Don't Hold Your Baby

(Me with my oldest two children. My boy left for college yesterday.)

Years ago I worked at a large legal office. I was newly married and looking forward to being a mother. As I ate lunch in the breakroom one day, I visited with one of the secretaries who was due to have a baby in just a couple of weeks. She was telling me of her excitement that the woman who babysat her four year-old had agreed to babysit her new baby after her six weeks of maternity leave were over. But the babysitter had one condition that my co-worker had to agree to. "Promise you won't hold the baby very much during your maternity leave. I can't take on a baby that's used to being held all the time."

I was horrified. "You're okay with that?" I asked.

"Of course. I can totally understand how she wouldn't want to be tied down to holding a baby all day. I'll just make sure she's used to sitting in her car seat."

My heart ached for her baby. And for her. I'm the oldest of eleven children and all my life I'd loved holding babies. I couldn't understand how this mother would be satisifed not holding her baby very much or having a babysitter who didn't want to hold her baby. The babysitters' requirement would have immediately sent me looking for other childcare options.

Mothering is so full of hard things--labor and delivery, losing your girlish figure, puke and poop, fevers and teething, sleepless nights, tears, owies, worries about school and friends, waiting up for teenagers, helping with homework, teaching about life, integrity, the birds and the bees, struggling to have family night and scripture reading and family prayer with crazy, mixed-up schedules, load after load after load of laundry, the ache of missing children when they go to school or on their mission, worrying that they'll date and marry the right kind of person--the list literally goes on and on.

Because mothering is so hard, we need to relish the beautiful things so we'll remember them when our children grow up and leave home. I'm glad I enjoyed the sweet feeling of my sleeping babies snuggled into that perfect spot between my shoulder and my neck. I'm thankful I remember the precious outline of a little ear imprinted on my arm after I'd taken a nap with one of my babies sleeping on my arm. I love remembering the way my little girl would sit beside me, holding onto my upper arm with both of her hands because she liked how cool it felt.

I smile when I think about the twiddling of thumbs that is our special signal that we loved each other when we were too far apart to say the words--across a room, in a spelling bee or a ball game or a piano recital. I loved the smirk on my teenage boy's face as he sat on the stand, waiting to give a talk and I twiddled our message. We both knew he was too old for such silly things, but he did it back anyway. I love being the hand that my children squeeze when they're getting a shot. I love being there when they need to snuggle after a bad dream, a disappointing day, or just because we're watching "Jeopardy" together.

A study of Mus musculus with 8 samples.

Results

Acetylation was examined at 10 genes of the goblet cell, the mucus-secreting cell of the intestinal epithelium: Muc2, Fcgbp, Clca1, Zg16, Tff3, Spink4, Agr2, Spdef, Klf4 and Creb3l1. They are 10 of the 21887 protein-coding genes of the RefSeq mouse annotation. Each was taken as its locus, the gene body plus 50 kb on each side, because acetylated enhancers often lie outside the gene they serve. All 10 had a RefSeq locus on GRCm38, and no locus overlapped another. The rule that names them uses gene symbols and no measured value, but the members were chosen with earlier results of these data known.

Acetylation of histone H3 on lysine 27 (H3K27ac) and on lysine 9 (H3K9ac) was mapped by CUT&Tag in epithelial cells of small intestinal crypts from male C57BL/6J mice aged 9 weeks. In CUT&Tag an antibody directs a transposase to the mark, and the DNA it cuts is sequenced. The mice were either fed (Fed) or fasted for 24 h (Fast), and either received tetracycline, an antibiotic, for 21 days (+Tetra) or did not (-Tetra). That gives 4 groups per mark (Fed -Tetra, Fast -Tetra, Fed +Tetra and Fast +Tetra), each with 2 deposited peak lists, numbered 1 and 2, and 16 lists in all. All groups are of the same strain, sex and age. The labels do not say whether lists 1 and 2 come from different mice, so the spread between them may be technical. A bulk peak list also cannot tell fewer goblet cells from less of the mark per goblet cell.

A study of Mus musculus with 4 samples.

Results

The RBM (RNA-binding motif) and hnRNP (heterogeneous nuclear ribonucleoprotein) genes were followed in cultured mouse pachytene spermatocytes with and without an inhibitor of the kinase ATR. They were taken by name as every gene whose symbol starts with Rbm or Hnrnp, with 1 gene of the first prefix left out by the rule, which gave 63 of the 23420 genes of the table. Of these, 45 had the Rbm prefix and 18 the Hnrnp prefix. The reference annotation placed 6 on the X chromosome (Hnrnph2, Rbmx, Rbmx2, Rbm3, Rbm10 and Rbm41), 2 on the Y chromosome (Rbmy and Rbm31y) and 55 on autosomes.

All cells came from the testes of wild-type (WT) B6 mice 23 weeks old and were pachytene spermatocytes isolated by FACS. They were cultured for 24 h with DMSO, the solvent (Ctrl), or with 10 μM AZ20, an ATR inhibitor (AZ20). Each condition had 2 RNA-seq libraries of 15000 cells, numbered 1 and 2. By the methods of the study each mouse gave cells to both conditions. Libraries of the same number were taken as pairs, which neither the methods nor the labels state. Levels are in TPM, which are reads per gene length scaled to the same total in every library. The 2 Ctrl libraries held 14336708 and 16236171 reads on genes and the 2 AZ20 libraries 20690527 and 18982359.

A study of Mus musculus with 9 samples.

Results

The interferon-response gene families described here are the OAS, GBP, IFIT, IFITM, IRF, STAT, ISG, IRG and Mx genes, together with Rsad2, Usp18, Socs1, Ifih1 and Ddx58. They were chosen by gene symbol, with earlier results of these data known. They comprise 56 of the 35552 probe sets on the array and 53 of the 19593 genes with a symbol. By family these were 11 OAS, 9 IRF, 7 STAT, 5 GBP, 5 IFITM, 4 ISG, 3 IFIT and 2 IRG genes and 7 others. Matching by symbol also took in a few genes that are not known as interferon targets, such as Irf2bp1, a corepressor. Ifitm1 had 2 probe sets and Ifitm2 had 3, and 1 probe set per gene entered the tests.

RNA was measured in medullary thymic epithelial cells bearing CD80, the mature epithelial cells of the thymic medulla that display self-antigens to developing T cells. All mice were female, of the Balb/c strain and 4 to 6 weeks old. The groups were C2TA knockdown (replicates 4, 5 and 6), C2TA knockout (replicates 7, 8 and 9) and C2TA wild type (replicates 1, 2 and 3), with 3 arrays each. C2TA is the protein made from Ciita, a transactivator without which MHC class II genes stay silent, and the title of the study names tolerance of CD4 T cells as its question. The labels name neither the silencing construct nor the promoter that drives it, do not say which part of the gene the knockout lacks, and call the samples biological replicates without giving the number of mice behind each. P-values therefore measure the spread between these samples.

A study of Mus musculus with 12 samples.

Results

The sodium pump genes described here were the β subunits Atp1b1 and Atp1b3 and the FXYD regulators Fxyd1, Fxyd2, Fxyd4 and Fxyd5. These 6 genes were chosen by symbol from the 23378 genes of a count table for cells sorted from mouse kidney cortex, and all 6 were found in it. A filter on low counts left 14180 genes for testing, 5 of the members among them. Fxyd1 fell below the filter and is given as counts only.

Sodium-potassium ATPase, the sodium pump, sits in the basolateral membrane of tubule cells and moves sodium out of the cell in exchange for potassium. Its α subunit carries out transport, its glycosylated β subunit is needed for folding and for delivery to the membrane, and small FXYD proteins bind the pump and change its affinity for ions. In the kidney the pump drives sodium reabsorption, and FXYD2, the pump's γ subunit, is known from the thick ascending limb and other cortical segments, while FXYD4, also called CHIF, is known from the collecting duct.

All these beautiful things and many others more than make up for the hard things.And let me just say that I loved holding my babies and no one could have convinced me that I shouldn't.

Now I'm shedding tears about my children growing up. As my oldest moved away yesterday, I felt profoundly grateful that he's going away knowing how much I love him and how much I like him, how much I'll miss him and how thankful I am that I was the lucky woman chosen to be his mom. He knows how I feel about him and that knowledge can give him confidence as he faces the world.

A friend of mine who just sent her last child to college sent me a quote that I think is beautiful.

"Don't worry if you shed a tear. That is good. Means you love him and will miss him. Means the end of a beautiful season in your life... or a stepping stone to the next season. The really sad cases, are the women who don't miss their children. Who don't miss mothering."


Mindy said...

How tragically sad about that mother not caring about her baby being held. Great post!

Mellie said...

That truly is sad that she was okay with that. Not only was she missing out, but her baby was as well. A lot of good comes from that close contact and attention in their first few years.

This reminds me of a book: "Mommy Knows Worst" It's full of absurd ads and horrible advice on parenting from the 40's and 50's, and one bit of advice was to hold your baby as little as possible because it might throw their spine out of alignment. (eyeroll)

Your thumb twiddling idea is awesome! I love it!

Tawnie said...

oh man. i am already sad. i wish i could know what i know now and start over again. and i would still have a lot tolearn. it'ss scary just sending my kid to jr. high? did i prepare him well enough to get through that?!!! and even worse, emily goes next year. ahhh!!!
great post. and excuse my lower case or mispelled words or whatever else is wrong with this comment. i just so happen to have a baby in one arm and like her being there. ;)

Leslie said...

after an already REALLY emotional day, i read this posting. and now i am crying again.

good posting. i love my son. he is my everything.

Lisa said...

caroline & i read this posting. she says "all i can say is that i am way excited for her book to come out". nice posting. cute picture.

Kristi said...

I loved the mention of all of those special moments that stand out in your mothering experience. Very sweet.

Scott / Lori said...

I am sitting here crying right now. I LOVE having my kids home and I can't stand the thought of my oldest hitting the halls of Jr. High tomorrow. I feel like I am throwing her to the wolves and hoping she climbs back out unscathed. We are blessed to be Mothers and I am grateful for that gift. Thanks for the reflections tonight.